Customers are great. They’re the lifeblood of our companies. But super fans? They’re the ones who make it a joy to get out of bed every morning. Loyal, devoted fans are willing to pay premium prices for the services they value so much, and they’re eager to tell everyone they know how great your company is.
My business – Profit First Professionals – has been going through a huge growth phase, and I attribute much of that growth to our fans – the folks who can’t live without us. And here’s how we created those fans.
1. Under promise and over deliver. No one likes disappointment, and if you build up sky-high expectations in your customers, you’re inevitably going to disappoint some of them. One of my favorite strategies is to establish expectations – like delivery in three days – and then exceed those expectations – by delivering in one day. Getting more than you expect is rare and special, and when you’ve been wowed, you can’t wait to tell your friends. You’ve become a raving fan.
2. Solicit genuine feedback. I’m not talking about simply asking your clients if they’re pleased. I’m talking about going much deeper – asking what they’d change about their experience with your company, asking what one thing you can do to improve on your offering. And your work’s not done when you’ve collected your detailed feedback. Then you go to work making your company even better. As a bonus, I always make it a point to let my customers who’ve shared their input know how I’m improving. When you let people know their opinions matter, they feel more like a partner – someone with a vested interest in your success.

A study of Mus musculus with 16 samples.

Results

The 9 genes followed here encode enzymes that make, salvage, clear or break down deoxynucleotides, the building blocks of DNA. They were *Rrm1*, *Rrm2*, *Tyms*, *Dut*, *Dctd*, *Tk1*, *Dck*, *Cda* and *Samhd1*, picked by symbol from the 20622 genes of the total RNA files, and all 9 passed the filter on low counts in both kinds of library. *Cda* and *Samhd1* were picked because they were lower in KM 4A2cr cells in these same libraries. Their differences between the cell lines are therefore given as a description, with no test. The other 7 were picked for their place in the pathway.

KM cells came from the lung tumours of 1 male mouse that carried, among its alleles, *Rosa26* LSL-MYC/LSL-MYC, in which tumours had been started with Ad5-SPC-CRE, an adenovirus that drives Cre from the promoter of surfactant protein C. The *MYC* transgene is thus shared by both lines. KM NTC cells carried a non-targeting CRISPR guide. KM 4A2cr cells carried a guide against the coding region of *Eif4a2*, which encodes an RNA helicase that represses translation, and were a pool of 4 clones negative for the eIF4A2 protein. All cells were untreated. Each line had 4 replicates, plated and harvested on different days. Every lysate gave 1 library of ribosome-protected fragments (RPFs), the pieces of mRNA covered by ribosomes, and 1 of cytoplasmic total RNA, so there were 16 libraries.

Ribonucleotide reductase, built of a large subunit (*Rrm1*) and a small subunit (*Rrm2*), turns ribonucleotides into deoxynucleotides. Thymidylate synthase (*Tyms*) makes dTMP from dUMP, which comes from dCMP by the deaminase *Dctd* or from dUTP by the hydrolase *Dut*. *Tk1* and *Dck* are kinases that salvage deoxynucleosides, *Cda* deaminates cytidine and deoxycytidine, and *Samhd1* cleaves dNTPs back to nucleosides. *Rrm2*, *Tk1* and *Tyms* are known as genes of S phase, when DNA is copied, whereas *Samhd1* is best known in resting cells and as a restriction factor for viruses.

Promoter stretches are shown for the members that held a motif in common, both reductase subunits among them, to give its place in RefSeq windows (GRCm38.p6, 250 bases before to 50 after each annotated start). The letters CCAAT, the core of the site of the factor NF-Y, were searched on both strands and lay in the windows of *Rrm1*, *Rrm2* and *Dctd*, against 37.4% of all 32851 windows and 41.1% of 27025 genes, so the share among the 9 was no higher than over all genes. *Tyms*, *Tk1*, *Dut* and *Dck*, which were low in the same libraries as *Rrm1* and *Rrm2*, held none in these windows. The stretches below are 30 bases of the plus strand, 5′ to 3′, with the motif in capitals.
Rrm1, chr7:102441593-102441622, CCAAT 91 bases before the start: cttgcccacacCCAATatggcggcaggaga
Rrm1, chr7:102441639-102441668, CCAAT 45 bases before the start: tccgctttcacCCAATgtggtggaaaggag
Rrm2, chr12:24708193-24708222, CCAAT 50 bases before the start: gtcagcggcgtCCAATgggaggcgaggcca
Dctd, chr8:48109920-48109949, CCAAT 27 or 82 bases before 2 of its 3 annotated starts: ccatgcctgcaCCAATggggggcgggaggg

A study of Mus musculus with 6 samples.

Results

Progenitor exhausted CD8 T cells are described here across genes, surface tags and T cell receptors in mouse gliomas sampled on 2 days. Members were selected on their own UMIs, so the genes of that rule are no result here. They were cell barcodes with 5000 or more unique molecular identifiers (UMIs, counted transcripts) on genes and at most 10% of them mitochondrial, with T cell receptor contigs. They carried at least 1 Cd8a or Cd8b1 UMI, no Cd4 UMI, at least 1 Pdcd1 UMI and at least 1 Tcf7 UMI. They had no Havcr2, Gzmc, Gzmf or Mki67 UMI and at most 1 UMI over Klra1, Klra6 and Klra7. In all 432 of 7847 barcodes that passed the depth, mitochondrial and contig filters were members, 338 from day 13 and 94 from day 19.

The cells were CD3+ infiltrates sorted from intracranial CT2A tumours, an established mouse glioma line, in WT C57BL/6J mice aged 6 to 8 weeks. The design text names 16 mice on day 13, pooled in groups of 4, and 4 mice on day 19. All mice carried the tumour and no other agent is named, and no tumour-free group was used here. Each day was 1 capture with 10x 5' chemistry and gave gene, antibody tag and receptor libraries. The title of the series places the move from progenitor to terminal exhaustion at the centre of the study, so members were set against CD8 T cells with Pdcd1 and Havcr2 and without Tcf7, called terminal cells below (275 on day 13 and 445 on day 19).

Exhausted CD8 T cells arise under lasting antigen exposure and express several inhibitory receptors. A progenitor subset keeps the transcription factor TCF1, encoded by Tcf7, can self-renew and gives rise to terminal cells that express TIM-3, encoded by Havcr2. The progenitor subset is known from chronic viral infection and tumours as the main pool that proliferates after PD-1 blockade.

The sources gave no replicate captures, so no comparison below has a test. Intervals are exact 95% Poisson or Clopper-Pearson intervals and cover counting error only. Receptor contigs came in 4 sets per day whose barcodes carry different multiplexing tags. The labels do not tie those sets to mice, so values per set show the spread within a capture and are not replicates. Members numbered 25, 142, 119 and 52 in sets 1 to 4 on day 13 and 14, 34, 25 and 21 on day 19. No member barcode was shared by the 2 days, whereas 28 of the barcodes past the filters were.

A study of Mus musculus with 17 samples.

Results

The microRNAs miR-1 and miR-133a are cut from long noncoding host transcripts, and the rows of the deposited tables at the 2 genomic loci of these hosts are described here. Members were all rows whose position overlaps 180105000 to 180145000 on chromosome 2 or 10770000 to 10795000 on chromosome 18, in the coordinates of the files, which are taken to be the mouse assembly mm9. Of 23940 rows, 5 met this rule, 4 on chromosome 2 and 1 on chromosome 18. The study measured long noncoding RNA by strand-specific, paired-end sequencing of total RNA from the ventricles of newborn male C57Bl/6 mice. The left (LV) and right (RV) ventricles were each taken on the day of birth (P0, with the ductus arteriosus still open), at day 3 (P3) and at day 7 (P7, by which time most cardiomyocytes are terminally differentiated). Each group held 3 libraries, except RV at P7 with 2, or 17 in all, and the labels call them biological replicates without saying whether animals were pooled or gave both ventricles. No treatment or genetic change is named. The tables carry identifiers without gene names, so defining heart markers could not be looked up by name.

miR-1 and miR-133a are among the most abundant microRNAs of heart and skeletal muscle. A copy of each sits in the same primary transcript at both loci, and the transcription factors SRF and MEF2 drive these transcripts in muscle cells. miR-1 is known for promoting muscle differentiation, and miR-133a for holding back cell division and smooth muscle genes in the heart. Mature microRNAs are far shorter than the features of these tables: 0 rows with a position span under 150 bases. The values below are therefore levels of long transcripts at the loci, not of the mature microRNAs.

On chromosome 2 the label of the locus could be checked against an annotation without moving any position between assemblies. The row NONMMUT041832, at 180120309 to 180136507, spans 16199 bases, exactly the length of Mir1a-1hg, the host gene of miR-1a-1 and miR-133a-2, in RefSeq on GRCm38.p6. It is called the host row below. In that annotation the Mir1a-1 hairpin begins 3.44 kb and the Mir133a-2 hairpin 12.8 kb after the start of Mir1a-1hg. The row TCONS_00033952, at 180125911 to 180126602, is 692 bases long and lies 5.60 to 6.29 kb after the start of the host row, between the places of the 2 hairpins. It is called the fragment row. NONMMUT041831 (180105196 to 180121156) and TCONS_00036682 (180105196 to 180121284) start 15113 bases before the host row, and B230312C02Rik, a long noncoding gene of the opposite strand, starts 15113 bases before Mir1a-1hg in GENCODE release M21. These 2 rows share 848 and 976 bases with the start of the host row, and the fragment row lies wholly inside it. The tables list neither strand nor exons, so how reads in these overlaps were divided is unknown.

3. Work with fewer customers. I know it may sound crazy – after all, who wants to shrink their customer base? But here’s the thing…when you specialize – offer custom-tailored solutions for specific folks – you can charge much more for your services. Specializing makes you an expert in your field, and we’re always willing to pay more for experts. Becoming the category leader – even if it’s a small category – positions you as the top-of-the-line option.
4. Get your fans to share their enthusiasm. Once you’ve cultivated a few loyal fans, then your next step is to turn ‘em into walking, talking billboards. Promotional gear with your company’s logo doesn’t have to be pricy (think pens, ball caps, mugs, or t-shirts) but the value of it can be enormous. When people share pics of themselves wearing your company’s gear, your reach increases exponentially. Dress your fans up and send them out into the world!
5. Market your fans. Never underestimate the power of a good old-fashioned testimonial. Once you have your cadre of fans, look for ways to feature them – in their own words – on your review sites, social media, and marketing materials. Genuine enthusiasm from real customers is incredibly powerful. Use it!
Building your loyal core of fans makes sense on so many levels. Fans are less sensitive to price, committed to your company’s success, and far more likely to share their great experiences with the world. Devoting some time to cultivating raving fans can pay off for many years to come.
Mike Michalowicz (pronounced mi-KAL-o-wits) started his first business at the age of 24, moving his young family to the only safe place he could afford – a retirement building. With no experience, no contacts and no savings he systematically bootstrapped a multi-million dollar business. Then he did it again. And again. Now he is doing it for other entrepreneurs. Mike is the CEO of Provendus Group, a consulting firm that ignites explosive growth in companies that have plateaued; is a former small business columnist for The Wall Street Journal; is MSNBC’s business make-over expert; is a keynote speaker on entrepreneurship; and is the author of the cult classic book, The Toilet Paper Entrepreneur. His newest book, The Pumpkin Plan has already been called “the next E-myth!”